PARIS -- You'd think it would be a no-brainer that anyone showing up at a country's border would only be able to enter at the discretion of that country, and that they would have to do so at a legal checkpoint. A nation's sovereignty is partly determined by its ability to defend itself from invasion. And what else would you call massive, organized groups of non-citizens attempting to crash the border outside of official checkpoints?
U.S. President Donald Trump clearly recognizes the importance of strong borders and vetting procedures to ensure America's security. It's hard not to notice the price paid for doing otherwise when just a few days ago here in Paris, yet another naturalized individual originating from a known terrorist hotbed started knifing people in the middle of one of the city's busiest tourist districts, killing one person and injuring several others before being shot and killed by police. This time, the terrorist hailed from Chechnya in the North Caucasus region, where Russian President Vladimir Putin's security forces have long been attempting to crack down on Islamic terrorism while leftists whine about his efforts to do so.
France, America, Canada, Germany and other Western nations are ripe for exploitation of their goodwill. Citizens of these countries are constantly cautioned against conflating "migrant" and "terrorist," as tends to happen when someone whose country of origin is synonymous with terrorism stages an attack. Meanwhile, anyone who refuses to conflate "migrant" with "victim" is labeled an incorrigible bigot.
Trump doesn't seem fazed by these semantics. He had no qualms about recently ordering Department of Homeland Security officials to block a caravan of about 1,500 mostly Central American migrants from entering the U.S. after traveling through Mexico. And Trump has repeatedly expressed frustration with judges who have ruled against his attempts to curb illegal immigration.
However, Trump is now imposing a similar immigration burden on America's northern neighbor -- and unsurprisingly, Canada is being far too nice about it.
With Trump terminating the temporary protected status of foreign nationals from countries synonymous with insecurity and violence earlier this year -- including about 262,000 Salvadorans, 86,600 Hondurans and 5,300 Nicaraguans -- Canada has faced waves of migrants trying their luck farther north rather than returning home. In the first quarter of this year, approximately 7,500 asylum seekers crashed Canada's border between legal checkpoints, where they were nonetheless met by kindly police officers and taken for processing.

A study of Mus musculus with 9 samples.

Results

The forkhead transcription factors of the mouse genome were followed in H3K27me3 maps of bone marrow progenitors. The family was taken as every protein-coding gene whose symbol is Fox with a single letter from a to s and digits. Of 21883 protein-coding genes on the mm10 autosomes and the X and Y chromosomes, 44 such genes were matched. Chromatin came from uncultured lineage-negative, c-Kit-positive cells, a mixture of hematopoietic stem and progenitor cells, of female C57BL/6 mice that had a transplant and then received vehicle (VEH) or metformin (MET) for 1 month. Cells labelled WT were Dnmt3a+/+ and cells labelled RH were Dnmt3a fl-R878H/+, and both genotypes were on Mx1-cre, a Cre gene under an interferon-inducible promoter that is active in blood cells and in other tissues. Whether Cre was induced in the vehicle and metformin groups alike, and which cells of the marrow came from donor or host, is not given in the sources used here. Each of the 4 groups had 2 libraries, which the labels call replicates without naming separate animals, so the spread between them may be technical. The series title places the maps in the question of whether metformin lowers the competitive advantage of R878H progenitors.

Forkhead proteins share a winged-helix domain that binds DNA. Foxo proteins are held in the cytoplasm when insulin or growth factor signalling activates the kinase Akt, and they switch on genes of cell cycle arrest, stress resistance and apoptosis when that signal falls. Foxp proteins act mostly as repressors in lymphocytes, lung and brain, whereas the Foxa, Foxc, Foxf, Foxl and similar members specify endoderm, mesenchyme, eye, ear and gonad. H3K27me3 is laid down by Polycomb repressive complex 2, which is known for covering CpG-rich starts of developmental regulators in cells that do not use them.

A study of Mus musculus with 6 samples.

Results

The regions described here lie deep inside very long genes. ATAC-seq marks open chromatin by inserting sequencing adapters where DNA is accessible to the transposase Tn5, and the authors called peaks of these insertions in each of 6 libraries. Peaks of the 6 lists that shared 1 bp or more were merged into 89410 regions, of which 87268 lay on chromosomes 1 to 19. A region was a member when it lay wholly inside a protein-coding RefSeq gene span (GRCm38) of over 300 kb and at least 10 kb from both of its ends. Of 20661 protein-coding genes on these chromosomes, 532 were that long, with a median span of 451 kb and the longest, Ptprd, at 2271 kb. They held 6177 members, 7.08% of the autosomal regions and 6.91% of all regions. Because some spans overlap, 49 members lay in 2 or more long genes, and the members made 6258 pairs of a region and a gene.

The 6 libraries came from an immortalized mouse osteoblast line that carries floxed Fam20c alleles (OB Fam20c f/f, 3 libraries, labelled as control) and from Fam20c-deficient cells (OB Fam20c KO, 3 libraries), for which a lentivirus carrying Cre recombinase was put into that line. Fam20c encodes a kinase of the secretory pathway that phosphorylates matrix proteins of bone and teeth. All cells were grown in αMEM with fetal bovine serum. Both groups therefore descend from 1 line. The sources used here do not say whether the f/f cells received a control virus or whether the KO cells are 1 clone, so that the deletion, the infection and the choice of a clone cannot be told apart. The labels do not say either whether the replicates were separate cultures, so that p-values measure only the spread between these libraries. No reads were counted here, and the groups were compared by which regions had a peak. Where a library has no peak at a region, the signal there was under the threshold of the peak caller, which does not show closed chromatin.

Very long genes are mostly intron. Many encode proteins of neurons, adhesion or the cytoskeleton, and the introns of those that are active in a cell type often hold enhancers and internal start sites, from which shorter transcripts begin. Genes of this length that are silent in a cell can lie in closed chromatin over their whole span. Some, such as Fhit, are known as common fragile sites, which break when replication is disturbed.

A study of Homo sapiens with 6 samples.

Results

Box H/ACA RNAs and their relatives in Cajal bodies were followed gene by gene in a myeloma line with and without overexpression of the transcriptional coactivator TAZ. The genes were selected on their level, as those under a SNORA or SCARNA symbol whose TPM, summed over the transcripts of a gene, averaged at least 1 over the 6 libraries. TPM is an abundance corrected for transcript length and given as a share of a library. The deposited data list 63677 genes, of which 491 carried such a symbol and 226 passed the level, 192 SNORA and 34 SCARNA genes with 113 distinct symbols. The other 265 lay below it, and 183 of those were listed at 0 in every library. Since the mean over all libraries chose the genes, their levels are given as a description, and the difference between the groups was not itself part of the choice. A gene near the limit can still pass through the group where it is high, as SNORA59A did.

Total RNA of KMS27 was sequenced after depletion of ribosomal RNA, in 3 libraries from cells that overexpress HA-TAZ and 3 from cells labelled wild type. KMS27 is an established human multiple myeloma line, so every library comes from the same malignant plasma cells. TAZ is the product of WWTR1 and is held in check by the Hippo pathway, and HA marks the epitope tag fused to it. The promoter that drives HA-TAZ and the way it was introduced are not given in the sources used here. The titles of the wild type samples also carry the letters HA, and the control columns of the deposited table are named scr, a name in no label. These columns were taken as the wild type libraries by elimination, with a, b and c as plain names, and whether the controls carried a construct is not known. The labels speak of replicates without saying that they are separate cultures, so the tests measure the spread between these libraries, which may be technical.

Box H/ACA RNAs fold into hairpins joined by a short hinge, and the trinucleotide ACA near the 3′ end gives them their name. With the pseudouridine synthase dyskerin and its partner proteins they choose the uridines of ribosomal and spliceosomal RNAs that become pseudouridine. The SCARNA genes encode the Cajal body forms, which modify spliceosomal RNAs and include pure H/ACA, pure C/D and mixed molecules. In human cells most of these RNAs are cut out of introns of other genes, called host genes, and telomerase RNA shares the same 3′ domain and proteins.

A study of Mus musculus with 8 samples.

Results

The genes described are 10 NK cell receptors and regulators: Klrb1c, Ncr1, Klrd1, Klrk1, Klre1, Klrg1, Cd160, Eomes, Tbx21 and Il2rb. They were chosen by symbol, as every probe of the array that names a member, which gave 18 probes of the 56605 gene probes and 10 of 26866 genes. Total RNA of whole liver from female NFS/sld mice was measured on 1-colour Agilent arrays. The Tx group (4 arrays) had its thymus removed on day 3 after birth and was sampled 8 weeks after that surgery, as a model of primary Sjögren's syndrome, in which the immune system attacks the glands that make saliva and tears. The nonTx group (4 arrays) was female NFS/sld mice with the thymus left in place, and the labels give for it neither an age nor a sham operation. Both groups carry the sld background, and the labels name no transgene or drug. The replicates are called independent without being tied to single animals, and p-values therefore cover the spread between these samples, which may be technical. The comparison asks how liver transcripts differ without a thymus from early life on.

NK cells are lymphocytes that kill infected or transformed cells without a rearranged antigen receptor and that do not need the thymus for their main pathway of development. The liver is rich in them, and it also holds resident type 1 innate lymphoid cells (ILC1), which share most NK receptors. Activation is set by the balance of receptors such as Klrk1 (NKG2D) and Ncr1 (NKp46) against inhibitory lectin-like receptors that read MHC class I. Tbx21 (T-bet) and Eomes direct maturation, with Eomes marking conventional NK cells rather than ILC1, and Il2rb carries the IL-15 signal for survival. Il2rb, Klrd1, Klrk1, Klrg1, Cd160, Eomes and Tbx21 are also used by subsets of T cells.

You can't blame Trump for trying to make bad U.S. immigration policy another country's problem, much like you can't blame a guy at the bar for taking a shot at asking you out. But that doesn't mean you have to leave with him.
What's mind-boggling is that Canada is so willing to roll over and let Canadian taxpayers bear the brunt of poor choices made by previous American governments. If Trump was wagering that Canadians would be too nice to defend their borders, it was clearly a winning gamble.
Canada has been trying to remedy the situation through "outreach." In other words, by imploring foreign migrants to understand that Canada is a country of laws and borders. Canada just sent its immigration minister to Nigeria -- yet another country whose citizens are crossing illegally into Canada from the U.S. -- to plead for better understanding.
It's clear that many illegal immigrants aren't getting the message. Maybe it's because instead of getting blocked at the border, they're welcomed and given government benefits for as long as they remain in limbo. How long is that, exactly? According to the Canadian government website, the wait for an applicant is 19 months for an initial assessment and 10 more months for a final decision on citizenship.
Canada's Conservative Party is recommending that the entire U.S.-Canada border be designated an official entry point in order to eliminate a technicality in the Safe Third Country agreement between the U.S. and Canada that allows immigrants to play asylum roulette between the two countries if they avoid entering at an official checkpoint.
Canada needs to stop playing nice and start acting. Send the Royal Canadian Mounted Police to the border to defend it. At some point, Trump would presumably notice the buildup of immigrants on America's northern border after they're denied entry into Canada. It would be fun to watch Trump make the case to Canada that it has to sacrifice its own sovereignty in the interests of protecting America's.